BY LÉO CHARBONNEAU | JAN 09 2012

It’s no secret that the Web has facilitated the distribution of and access to child pornography, with the United Nations estimating that more than four million websites worldwide contain pornographic material involving children. Researchers at Simon Fraser University’s International Cybercrime Research Centre have developed a special web crawler that they hope will help to track and disrupt these websites.

The web crawler, developed by criminology PhD student Richard Frank, allows users to collect massive samples  – more than 200,000 web pages at a time   – without having to actually view the content. In the latest study involving the tool, Dr. Frank and his colleagues analyzed how the networks that distribute child pornography are structured, and then applied various “attack” strategies to determine which of these would cause the most disruption.

“Eventually we hope to understand the life cycle of a website hosting this type of content: when it is created, what content is put on it, how content shifts from one website to another, and how it ‘dies’,” he says.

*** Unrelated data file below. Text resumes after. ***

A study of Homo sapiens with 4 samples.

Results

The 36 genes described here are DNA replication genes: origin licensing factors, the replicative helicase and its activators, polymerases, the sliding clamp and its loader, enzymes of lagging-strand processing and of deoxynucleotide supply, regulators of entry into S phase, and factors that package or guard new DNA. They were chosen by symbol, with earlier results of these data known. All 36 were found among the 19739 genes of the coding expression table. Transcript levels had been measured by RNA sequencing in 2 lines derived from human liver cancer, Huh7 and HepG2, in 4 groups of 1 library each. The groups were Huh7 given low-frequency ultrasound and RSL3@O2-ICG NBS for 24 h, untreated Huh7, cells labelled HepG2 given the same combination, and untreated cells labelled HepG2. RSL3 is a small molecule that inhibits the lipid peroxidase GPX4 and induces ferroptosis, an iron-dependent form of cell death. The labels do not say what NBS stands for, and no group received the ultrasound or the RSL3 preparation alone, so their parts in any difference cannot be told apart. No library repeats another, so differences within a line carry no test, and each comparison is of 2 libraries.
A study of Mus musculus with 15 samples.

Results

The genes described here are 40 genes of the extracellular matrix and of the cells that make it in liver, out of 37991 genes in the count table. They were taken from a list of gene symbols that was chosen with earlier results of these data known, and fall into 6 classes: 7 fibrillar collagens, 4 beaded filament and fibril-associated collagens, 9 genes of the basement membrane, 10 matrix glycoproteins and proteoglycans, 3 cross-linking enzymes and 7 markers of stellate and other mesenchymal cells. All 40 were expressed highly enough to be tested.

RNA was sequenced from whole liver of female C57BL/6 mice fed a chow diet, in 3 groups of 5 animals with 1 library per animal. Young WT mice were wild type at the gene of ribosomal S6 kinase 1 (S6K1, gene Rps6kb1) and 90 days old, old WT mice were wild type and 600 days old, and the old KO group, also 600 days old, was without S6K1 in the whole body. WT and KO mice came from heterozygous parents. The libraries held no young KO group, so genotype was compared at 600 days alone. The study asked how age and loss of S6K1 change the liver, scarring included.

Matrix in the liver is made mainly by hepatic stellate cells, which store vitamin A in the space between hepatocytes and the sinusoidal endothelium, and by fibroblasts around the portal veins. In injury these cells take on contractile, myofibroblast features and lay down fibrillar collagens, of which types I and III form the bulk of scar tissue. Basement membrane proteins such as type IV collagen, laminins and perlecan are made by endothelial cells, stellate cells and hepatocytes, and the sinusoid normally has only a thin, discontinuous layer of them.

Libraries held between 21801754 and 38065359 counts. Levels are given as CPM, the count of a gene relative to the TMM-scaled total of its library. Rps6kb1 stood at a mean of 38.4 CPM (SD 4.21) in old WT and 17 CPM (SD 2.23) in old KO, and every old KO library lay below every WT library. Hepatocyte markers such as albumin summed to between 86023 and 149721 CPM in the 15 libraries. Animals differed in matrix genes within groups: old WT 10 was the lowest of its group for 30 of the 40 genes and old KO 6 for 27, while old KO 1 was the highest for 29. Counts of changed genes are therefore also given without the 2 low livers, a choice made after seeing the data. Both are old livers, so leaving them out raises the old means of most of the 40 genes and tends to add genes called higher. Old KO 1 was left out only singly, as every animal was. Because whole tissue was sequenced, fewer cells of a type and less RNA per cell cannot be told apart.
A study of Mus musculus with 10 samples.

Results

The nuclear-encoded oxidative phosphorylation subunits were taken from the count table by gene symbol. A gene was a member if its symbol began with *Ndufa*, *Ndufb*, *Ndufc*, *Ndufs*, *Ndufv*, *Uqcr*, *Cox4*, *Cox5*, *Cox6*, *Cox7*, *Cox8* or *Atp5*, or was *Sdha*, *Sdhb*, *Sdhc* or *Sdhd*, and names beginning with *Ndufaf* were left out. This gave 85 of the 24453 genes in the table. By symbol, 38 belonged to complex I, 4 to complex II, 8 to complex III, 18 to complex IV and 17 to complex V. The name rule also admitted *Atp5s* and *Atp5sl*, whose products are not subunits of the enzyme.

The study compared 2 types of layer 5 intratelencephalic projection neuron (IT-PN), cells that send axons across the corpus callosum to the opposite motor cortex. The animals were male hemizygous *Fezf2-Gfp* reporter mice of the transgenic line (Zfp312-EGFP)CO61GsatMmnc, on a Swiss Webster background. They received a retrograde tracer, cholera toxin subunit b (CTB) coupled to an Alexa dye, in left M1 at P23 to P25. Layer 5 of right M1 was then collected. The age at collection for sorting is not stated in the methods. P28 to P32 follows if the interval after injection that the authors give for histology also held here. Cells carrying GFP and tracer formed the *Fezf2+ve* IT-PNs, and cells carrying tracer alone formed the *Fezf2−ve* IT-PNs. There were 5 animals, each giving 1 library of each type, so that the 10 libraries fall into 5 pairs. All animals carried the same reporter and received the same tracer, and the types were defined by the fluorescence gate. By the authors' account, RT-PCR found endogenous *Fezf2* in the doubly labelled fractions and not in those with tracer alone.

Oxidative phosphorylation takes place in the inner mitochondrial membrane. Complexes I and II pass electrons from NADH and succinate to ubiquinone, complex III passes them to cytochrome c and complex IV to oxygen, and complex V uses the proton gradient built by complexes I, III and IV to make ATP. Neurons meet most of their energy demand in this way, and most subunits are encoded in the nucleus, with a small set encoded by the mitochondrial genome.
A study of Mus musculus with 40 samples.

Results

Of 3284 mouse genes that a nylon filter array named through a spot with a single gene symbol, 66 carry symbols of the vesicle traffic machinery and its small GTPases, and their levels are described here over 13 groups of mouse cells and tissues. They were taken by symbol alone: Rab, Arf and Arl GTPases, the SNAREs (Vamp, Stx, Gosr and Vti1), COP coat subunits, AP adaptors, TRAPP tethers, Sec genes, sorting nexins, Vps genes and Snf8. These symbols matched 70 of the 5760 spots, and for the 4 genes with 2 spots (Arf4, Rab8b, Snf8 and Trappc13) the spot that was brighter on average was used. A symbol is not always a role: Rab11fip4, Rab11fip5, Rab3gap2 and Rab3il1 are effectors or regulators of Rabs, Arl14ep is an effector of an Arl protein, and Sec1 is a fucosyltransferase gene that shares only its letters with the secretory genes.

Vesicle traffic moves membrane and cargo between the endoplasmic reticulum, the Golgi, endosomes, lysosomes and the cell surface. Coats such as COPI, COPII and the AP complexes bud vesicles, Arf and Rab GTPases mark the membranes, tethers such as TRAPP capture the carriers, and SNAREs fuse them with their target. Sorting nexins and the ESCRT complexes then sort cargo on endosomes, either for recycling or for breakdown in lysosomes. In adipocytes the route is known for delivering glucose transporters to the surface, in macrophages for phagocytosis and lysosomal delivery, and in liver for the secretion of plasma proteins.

The researchers concluded that the project “has practical implications in terms of focusing the effective use of police resources and decreasing the accessibility of online child pornography.” Their paper, “Strategies to Disrupt Online Child Porn Networks,” (PDF) earned an honourable mention at a recent European informatics conference.

The next step for the SFU researchers is to track the way networks evolve and adapt to specific types of attacks. They are also looking to modify the web crawler for use with other networks, such as those related to terrorism, drug use or other illegal behaviours.